Food Sovereignty Award Coverage: Column for The Progressive Populist

By Margot Mcmillen

 

Every year since 1986, the Norman Borlaug fan club, made up of the big winners in the Green Revolution, has awarded a prize to some corporate tiller of the field. The “World Food Prize” is headquartered in Des Moines, Iowa in the former public library building. From this modest address, the chemical producers, giant combine builders, soybean processors and hog owners give the award mostly to researchers who have helped build the system of patented seeds and chemical inputs—a system that excludes small farmers and has convinced the rest of us that chemically-flavored soy paste and corn sweeteners are nutrition.

A look at the sponsors tells all: DuPont Pioneer, John Deere Foundation, Monsanto, Bayer CropScience, Cargill, General Mills, Hormel, PepsiCo, Walmart, and literally all the Iowa commodity associations.

Borlaug was the guy credited with using chemical fertilizers to obtain ever-increasing yields of corn and soybeans. Before the work of him and his co-scientists, farmers had used manure to fertilize the land. They also used natural cures for invasions of pests and weeds. The Food Prize website intones: “As we conclude the yearlong centennial observance of the birth of our founder, Dr. Norman E. Borlaug, the 2014 Borlaug Dialogue international symposium will draw upon Dr. Borlaug’s legacy and address ‘The Greatest Challenge in Human History: Can We Sustainably Feed the 9 Billion People on our Planet by the Year 2050?’”

Understand, dear reader, that when the World Food Prize uses the word “we” they mean “the multinational corporates.” It goes on, “The Dialogue will give special emphasis to the powers of intensification, innovation and inspiration to uplift smallholder farmers and meet the increasing demand for nutritious food. . . ”

“Uplift?” The WFP writers mean, “get big or get out…”

Let’s be clear, friends. What they’re really asking is “can we feed the people who can pay for food that we’ve created in our laboratories, patented and raised with the water, air and land that we’ve stolen from small landholders, indigenous tribes and other powerless folk?”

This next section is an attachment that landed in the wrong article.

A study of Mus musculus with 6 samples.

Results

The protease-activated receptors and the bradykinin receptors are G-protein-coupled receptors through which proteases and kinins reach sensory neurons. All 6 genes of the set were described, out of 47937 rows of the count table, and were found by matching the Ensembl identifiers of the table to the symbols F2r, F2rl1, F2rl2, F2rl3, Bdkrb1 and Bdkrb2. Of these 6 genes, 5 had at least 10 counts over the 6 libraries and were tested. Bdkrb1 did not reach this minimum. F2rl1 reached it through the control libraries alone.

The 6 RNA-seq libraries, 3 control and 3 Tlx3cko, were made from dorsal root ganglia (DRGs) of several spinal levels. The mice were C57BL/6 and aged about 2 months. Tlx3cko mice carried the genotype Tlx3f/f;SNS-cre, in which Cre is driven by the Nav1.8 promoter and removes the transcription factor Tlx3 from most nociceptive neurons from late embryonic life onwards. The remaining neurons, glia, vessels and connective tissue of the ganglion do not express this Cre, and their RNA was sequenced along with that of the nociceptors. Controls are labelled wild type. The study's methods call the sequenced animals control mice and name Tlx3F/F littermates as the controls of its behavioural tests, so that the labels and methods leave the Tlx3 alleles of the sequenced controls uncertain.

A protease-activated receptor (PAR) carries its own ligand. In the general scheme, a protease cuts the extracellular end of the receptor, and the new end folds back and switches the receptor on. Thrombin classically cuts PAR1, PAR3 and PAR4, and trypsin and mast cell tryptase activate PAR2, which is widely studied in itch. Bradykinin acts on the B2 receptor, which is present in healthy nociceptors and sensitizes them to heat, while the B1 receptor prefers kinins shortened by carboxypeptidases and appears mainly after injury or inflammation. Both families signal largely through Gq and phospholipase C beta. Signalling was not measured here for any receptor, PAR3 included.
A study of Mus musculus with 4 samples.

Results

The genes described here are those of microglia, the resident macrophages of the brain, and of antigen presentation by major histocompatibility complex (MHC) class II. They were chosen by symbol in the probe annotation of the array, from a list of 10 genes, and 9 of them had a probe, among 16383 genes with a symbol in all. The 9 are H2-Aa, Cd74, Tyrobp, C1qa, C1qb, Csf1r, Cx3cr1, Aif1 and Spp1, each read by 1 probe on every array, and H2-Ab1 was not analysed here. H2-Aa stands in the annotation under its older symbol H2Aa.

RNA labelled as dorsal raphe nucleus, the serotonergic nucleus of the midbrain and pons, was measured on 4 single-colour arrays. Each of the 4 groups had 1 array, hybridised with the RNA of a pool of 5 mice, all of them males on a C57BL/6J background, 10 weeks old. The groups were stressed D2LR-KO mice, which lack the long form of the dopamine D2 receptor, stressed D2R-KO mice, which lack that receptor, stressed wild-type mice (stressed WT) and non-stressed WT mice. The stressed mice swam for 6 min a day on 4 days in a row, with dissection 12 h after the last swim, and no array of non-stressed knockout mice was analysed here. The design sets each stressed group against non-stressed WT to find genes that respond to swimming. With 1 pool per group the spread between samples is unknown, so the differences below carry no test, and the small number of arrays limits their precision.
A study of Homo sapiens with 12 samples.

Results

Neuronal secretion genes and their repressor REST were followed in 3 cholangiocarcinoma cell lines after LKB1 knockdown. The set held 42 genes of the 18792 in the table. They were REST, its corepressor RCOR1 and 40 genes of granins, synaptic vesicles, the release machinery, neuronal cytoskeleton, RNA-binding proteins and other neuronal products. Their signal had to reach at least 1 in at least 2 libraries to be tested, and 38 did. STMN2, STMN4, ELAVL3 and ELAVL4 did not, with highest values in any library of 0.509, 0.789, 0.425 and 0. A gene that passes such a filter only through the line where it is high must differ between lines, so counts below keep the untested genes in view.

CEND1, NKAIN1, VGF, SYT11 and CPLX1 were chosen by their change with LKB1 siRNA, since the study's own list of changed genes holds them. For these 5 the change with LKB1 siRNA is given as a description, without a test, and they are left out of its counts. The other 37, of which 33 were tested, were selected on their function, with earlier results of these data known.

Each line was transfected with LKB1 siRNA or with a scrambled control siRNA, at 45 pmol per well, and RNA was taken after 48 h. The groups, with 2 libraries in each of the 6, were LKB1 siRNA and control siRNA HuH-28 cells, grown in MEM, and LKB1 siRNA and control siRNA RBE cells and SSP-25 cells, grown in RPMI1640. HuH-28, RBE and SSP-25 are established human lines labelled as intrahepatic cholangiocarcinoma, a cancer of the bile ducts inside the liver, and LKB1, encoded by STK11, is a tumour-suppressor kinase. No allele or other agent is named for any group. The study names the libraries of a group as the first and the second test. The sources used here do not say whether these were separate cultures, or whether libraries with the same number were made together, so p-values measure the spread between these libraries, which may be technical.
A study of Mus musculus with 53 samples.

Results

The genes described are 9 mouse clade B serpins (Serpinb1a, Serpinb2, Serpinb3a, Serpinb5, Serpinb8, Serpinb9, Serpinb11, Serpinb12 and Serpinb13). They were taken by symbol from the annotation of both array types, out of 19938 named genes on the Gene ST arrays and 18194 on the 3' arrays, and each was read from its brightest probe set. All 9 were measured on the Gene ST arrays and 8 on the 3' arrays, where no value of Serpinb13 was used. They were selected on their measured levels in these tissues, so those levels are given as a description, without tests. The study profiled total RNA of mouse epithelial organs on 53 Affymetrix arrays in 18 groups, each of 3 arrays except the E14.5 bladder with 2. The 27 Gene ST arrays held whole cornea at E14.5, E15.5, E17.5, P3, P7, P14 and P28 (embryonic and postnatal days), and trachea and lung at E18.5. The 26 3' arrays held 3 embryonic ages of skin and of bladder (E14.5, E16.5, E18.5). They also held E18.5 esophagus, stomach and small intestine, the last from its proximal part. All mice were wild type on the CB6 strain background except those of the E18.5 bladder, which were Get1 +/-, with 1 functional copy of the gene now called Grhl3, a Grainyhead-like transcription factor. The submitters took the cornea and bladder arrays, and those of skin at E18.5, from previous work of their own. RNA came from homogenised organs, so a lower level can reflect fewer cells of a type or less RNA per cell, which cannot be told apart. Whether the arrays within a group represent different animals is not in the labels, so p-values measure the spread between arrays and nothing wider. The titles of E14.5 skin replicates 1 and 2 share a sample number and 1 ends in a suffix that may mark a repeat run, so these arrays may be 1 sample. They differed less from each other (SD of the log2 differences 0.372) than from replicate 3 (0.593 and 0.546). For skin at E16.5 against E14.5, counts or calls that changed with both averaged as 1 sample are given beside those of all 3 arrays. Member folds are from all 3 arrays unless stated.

Finally, in 2009, a few brave thinkers created an alternative prize. We might call it the REAL food-for-people prize. This newer prize, the Food Sovereignty Prize is awarded by the US Food Sovereignty Alliance which, in their words, “works to end poverty, rebuild local food economies, and assert democratic control over the food system.” Sponsors include Ecowatch, the Small Planet Fund, Why Hunger?, Grassroots International and the Presbyterian Hunger Program.

Unlike the Borlaug-driven prize, which rewards corporations for systems that invade ecosystems and beat nature into submission, providing corn and soybeans for the world, the FSA rewards people who farm in their own ecosystems in an ecologically sound manner. They reward schools for serving healthy, culturally-based foods. This is how all peoples ate before the Green Revolution.

Nobody would argue against the fact that food (and air and water) are human necessities and public goods. All of us know that hunger drives unrest, resource grabs, rioting and disease. But the World Food Prize corporates want to own the solution while the Food Sovereignty Prize believes that every ecosystem and culture will invent their own solutions, with local solutions connected to an international movement for food sovereignty.

A winner of this year’s Food Sovereignty Prize is the Palestinian-based Union of Agricultural Work Committees (UAWC), established in 1986. This group, with committees in the West Bank and Gaza Strip, seeks to improve the situation of Palestinian farmers who have been marginalized by Israeli occupation. Their land confiscated and separated from their villages by a system of walls and checkpoints, with water diverted to urban Israeli settlements, the Palestinian farmers labor under the most difficult circumstances imaginable.

Witnesses, many of them Americans sponsored by Christian groups, report that olive groves, which can be hundreds of years old, have been destroyed or walled off from the Palestinian villages that care for them. To get to their land, some Palestinian farmers have to travel long distances to checkpoints where they may or may not be allowed to pass. Israeli soldiers amuse themselves by chasing these farmers, lobbing tear gas or shooting at them.

The UAWC has prioritized five main goals: Sustainable development to minimize reliance on food aid and emergency and relief projects; Creating work opportunities; Holistic rural development;

Empowering and developing women’s skills and capacities; Connecting youth to the land. Grassroots International is helping them with efforts to reclaim land, develop food security, improve water access through projects like digging and rehabilitating wells and processing gray water, and education and income generation through raising honey bees.

The other honoree of the 2014 Food Sovereignty Prize is Community to Community Development, of Bellingham Washington. This organization is led by women of color working in their community to promote self-reliance and teach people to access the tools of democracy. They say, “We are committed to systemic change and to creating strategic alliances that strengthen local and global movements towards social, economic and environmental justice…Our work is based on the belief that everyone should have equitable access to the fundamental democratic processes affecting their everyday lives.”

So, who do we want to feed us in the future? Corporations that exploit the land, resources and consumers? Or humans working in their own communities? It’s up to us to decide.